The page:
On walkabout in life and technology

Good Tools Change

In Good Tools, James Bennett writes a compelling article on how his investment in learning his most used tool, emacs, has paid huge dividends in his productivity for years and years. I recommend you read it, his arguments are cogent and his points well founded and well made. He writes:

Good tools, for programmers, are investments: you give them your time and your brain up-front, and then they pay dividends for years on end. I’m writing this post in GNU Emacs inside a terminal window, for example, and GNU Emacs inside a terminal window has been my day-to-day editor for over a decade now.

However, I disagree with his post on it’s fundamental assumptions: (1) that you can use the same tool for decades, and (2) that investing in a specific tool up front is guaranteed to pay these dividends where other investments would pay back less.

Maybe it’s just me, but I think the whole idea of investing in a specific tool, no matter how good the tool is, is the wrong thing to be investing too much in.

I believe more in investing time and learning in two closely related, integrated areas: on becoming a better programmer and on becoming a better designer. To me, it does not matter what tools you use (even though I write about mine), it matters how well you design and create what you do with these tools.

An analogue, a carpenter who makes tables does not spend their entire career learning to use their lathe better, they spend their entire career learning to design and create better tables. A carpenter that studies the lathe and little else, will produce the same rickety table over and over again.

To be clear, I’m not, in any way, saying that James Bennett did not also invest his time in becoming a better designer and programmer, that information is out of scope of the article’s topic. I would assume, based on the quality of his writing, that he did.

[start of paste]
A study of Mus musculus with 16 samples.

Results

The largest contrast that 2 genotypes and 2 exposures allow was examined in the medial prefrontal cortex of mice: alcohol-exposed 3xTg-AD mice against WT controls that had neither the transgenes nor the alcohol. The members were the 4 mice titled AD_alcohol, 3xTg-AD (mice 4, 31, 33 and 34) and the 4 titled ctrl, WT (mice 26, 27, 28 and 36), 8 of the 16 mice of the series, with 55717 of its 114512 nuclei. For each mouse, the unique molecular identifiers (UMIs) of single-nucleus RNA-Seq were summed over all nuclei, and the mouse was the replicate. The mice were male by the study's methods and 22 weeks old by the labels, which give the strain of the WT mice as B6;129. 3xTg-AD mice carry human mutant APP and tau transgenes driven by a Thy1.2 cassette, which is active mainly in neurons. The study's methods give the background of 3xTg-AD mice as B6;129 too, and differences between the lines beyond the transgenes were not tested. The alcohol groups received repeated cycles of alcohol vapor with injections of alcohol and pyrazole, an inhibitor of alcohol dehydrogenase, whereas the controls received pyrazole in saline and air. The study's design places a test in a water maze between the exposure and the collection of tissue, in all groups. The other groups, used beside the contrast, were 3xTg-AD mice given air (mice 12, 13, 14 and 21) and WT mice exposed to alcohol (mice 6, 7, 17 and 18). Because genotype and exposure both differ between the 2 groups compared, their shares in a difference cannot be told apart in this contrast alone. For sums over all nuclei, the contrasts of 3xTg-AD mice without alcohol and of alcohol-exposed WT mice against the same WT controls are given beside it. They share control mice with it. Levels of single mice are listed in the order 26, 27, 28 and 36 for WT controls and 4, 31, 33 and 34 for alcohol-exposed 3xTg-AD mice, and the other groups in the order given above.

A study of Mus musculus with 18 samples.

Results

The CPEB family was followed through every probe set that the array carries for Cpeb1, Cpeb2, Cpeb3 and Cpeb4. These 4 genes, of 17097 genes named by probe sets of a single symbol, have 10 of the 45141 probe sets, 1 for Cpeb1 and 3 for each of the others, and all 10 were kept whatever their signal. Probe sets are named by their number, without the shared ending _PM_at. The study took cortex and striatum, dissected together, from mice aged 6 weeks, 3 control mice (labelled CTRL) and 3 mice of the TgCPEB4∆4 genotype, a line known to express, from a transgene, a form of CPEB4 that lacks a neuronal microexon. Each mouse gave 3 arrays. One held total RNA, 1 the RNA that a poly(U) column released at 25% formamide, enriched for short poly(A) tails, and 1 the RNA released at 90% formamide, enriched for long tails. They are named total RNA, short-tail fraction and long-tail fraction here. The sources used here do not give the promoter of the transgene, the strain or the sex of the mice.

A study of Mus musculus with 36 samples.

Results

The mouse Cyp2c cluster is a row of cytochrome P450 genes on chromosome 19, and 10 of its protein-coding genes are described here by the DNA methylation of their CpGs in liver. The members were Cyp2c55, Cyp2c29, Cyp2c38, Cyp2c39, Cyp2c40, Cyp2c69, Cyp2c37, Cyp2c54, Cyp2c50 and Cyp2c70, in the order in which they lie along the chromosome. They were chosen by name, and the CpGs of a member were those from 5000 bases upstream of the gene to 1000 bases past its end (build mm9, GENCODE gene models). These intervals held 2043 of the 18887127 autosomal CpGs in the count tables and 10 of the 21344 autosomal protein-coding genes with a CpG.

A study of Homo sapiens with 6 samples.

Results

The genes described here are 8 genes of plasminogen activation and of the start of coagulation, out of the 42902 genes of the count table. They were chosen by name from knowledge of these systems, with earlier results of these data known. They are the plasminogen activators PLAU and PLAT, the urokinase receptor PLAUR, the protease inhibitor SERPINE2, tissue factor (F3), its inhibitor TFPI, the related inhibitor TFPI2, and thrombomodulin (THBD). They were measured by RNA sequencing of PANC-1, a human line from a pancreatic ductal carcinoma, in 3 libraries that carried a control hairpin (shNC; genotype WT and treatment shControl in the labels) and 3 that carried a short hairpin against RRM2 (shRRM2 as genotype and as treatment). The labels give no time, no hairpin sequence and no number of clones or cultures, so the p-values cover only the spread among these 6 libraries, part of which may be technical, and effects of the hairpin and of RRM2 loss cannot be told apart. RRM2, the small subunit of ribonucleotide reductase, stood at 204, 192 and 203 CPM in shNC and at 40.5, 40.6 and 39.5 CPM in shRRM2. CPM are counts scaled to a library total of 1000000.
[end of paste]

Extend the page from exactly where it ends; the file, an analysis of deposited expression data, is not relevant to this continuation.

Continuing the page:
It’s just that my experience has been vastly different to his.

His seems to have been stable. Mine, not so much.

Over the past 23 years (yep, old guy), my investment in becoming a better designer and programmer has had me changing platforms and tools on an almost regular basis. My investments in learning Smalltalk and C back in the day made it easier for me to learn and write Objective-C and Ruby today. My investments in learning Aldus FrameMaker for print design made it easier for me to switch to web design later.

And over that period of time, I changed (amongst others) from DOS and Turbo Pascal to Unix and vi to OS/2 and Lotus Notes to Mac and BBEdit to Windows and Visual Studio to OS X and Xcode and back to straight UNIX (OS X development, Linux production) and TextMate 2. At each stage of this evolution, I have taken the time to learn the tools, just like James did, but my goal was to become a better programmer and designer on that platform instead.

And the best part was that the programming and design skills I had learned in earlier work made it easier and easier for me to adapt to new platforms and paradigms, and to produce better and better products. As I learned new languages and platforms, I took their ideas and integrated them into my programming, and found better ways to design and program things in later platforms.

Unlike James, I could not stay with the same toolkit my whole career. Or use the same programming language, or the same design tools. I knew this when I started out. I know this now. My current platform and tools will change over the next few years, and I need to be able to change with it.

If you are in a stable job working on a stable platform where there is little chance of it changing, then I agree with James, the investments you make in learning your tools is absolutely worth it.

But if you change as much as I have, I believe it’s more important to invest in your ability to design and program better, to adapt to change, and pick up and discard platforms and tools as you go. Whatever you invest your learning time in now, whether it be tools or programming skills, know that this learning will not be wasted, it will make it easier to transition to the next tools or languages if and when that happens, and it will pay dividends until then.

Follow the author as @hiltmon on Twitter and @hiltmon on App.Net. Mute #xpost on one.